R.I.P. Caylee Anthony

Posted on Categories Criminal Law & Process, Popular Culture & Law

An Orlando jury decided on July 5 that Casey Anthony was not guilty of murdering her daughter Caylee, who was only two at the time of her death.   Hundreds of protestors gathered outside the courthouse after the verdict was announced, and local police worried if they would be able to protect the building from being torched. Few of the protestors stopped to reflect on the large role popular culture played in both their sense of outrage and in the jury’s verdict.

Most obviously, the media played up the case to the nth degree.  The media time and again broadcast winning photos of Caylee and also seemed never to tire of a home video showing her singing “You Are My Sunshine.”  Viewers of the cable news shows also saw countless screenings of Caylee’s scantily clad mother grinding in bars while her daughter was still missing.  Then, too, has anybody not heard of the “bella vita” tattoo that Casey obtained shortly after Caylee’s disappearance?  HLN host Nancy Grace was especially relentless in demanding that Casey be convicted of her crime, and for the most part the public had decided Casey was guilty.

At trial, meanwhile, it seems the much-discussed “CSI effect” played a role. 

The reference is to the popular trio of primetime dramas, in which investigators use highly sophisticated forensic evidence to identify the true perpetrators.  Some prosecutors have argued that they now find it very difficult to get a conviction in a murder trial without strong forensic evidence.

In Casey Anthony’s trial, there was circumstantial evidence galore.  The prosecutors could show that the dead Caylee was wrapped in the Winnie the Pooh blanket from her own home, that Casey borrowed a shovel from her neighbors, and that she tried to blame Caylee’s disappearance on a nonexistent nanny.  There was also the strong smell that several reported coming from the trunk of Casey’s car, and the brutal discovery of the corpse in the woods close to the Anthony’s home.  However, there were no DNA results, hair samples, or other types of physical evidence that the prosecutors could use.  At one particularly bizarre point, prosecutors tried to use a “smell-o-meter” to determine what had been stinking in the trunk, but defense counsel argued effectively that the odor was as likely to have come from decaying food as from a decomposing body.  I don’t know if Casey Anthony killed her daughter or not, but I am confident that primetime television drama helped her to walk.

5 thoughts on “R.I.P. Caylee Anthony”

  1. Good commentary, David. I tend to agree with you. Jurors now look for absolutes. In both criminal and civil, they don’t seem to be aware of the concept of common sense, and using their intellect to come to reasonable conclusions.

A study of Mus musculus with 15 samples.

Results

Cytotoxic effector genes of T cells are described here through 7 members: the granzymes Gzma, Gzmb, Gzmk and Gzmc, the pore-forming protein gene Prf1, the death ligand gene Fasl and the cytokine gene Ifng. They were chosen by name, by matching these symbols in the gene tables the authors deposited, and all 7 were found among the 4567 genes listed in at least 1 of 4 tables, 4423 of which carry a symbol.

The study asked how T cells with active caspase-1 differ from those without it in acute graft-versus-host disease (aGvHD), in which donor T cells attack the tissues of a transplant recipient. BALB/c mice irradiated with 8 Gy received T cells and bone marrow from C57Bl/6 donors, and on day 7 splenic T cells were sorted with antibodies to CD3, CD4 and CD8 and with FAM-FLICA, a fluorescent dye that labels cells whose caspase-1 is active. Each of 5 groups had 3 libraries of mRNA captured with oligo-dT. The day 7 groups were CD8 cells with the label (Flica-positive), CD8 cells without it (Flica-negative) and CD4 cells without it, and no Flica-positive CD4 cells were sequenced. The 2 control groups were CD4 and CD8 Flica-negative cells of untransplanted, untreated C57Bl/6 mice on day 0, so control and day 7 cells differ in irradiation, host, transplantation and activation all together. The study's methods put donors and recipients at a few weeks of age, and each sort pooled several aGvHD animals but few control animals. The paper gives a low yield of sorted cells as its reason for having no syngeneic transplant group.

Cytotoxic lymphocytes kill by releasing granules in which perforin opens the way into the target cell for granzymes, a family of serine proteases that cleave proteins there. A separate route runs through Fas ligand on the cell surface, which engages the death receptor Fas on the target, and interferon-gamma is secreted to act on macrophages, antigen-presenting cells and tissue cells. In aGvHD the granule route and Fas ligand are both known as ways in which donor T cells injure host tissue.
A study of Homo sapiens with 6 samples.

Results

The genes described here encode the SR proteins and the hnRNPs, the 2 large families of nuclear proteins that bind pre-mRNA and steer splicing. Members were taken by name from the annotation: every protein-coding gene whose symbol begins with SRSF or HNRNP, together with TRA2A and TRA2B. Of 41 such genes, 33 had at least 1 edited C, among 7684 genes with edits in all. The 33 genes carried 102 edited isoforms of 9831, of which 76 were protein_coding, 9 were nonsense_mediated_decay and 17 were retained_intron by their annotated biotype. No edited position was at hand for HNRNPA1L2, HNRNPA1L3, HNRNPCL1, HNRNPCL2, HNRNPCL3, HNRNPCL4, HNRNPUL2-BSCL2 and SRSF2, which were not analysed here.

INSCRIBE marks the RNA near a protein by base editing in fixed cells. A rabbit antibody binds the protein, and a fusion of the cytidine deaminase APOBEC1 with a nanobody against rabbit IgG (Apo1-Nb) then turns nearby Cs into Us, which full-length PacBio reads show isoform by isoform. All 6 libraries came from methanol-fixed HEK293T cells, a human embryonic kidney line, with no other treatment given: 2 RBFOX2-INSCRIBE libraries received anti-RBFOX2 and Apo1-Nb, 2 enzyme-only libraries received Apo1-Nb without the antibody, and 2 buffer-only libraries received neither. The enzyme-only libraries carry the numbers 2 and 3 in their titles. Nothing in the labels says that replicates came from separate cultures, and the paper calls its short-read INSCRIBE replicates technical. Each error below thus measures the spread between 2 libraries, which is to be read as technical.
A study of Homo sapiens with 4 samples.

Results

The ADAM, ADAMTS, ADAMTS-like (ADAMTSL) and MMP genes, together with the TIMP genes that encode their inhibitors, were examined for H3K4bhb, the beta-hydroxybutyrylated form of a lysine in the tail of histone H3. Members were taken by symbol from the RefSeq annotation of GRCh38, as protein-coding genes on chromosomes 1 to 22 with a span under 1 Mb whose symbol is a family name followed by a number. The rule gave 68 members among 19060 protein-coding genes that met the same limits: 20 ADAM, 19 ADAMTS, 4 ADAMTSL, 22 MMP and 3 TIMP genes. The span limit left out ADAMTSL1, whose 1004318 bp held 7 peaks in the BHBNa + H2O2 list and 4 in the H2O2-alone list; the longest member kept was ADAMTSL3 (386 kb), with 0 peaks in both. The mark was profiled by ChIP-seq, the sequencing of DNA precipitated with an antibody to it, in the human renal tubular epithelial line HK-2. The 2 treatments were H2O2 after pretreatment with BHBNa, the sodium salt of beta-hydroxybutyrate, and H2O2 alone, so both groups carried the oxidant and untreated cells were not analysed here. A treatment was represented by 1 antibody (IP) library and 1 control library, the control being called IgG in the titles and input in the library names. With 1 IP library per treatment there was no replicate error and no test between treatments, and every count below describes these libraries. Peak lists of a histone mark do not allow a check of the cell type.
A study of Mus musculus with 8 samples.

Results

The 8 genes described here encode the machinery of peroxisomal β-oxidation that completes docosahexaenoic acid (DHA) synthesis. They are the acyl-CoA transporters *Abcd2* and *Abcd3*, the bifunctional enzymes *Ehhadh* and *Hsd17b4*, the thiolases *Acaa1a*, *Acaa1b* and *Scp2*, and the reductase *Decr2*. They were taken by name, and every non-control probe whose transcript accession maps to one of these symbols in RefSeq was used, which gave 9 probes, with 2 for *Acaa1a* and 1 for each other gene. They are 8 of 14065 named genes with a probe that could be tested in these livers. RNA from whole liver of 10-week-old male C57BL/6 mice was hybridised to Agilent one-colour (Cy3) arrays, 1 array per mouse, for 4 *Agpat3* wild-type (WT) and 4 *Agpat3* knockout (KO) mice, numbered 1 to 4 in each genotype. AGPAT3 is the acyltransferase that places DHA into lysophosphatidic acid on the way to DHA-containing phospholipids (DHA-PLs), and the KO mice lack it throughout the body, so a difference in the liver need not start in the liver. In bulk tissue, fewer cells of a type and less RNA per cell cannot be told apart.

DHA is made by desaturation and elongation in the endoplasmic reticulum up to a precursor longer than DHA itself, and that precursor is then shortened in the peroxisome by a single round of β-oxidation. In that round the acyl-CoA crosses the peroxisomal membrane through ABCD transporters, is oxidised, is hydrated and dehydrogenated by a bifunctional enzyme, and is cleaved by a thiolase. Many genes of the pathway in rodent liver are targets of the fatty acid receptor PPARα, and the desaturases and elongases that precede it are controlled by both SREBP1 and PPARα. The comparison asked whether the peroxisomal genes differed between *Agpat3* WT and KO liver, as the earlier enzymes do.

Gotta love the Fox lawyers that ripped defense counsel and the time of his opening, for his ineptitude and horrible opening.

    I’m not sure how this came across by screen, but glad it did.

    Jim

  2. I feel Jose Baez did an admirable job as he was completely outmatched with resources and experience. I also did not like the criticism he received for celebrating in the restaurant after the trial. As attorneys we take on the emotions of our clients and it must have been a relief for that team knowing their client was not going to be put to death.

  3. Are you people kidding me?? What are we teaching people to kill their children to go party and not report them missing and then hide them good enough so there body is so decomposed their is no DNA evidence. What is this world and justice system coming to? Casey Anthony just got away with murder and you guys are talking about it like its nothing. Where is the justice for this little girl. And god forbid she gets pregnant again because once she’s sick of the child she can just throw it away. People get punished more for harming animals than they do children now a days; it sickens me.

  4. The popular saying: “does society reflect and influence television or does television reflect and influence society?” rings true in this post. Are jurors tending to lean more on forensic evidence in murder cases because of TV shows, or because they are aware of the many advances of forensic evidence in today’s world? It seems people hear and read every day about a real life case of a person being found guilty or not guilty based on forensic evidence. Also, every story about someone wrongly accused and freed from prison by the use of forensic evidence is a guaranteed headline.

    The burden of beyond a reasonable doubt was established long before any type of forensic evidence was around, the jurors had to reach a verdict on the mindset that there could be “no other possible explanation” for the crime. Of course the jurors had to rely on that instruction, because there was no way to be 100% certain.

    Strong forensic evidence is something that is 100% certain, it’s science. In our continuing technological and scientific world jurors may rely on forensic evidence more, because they know it is possible. Because of the advancements in forensic evidence, the beyond a reasonable doubt burden is turning into the no doubt burden, and can you really blame jurors for that?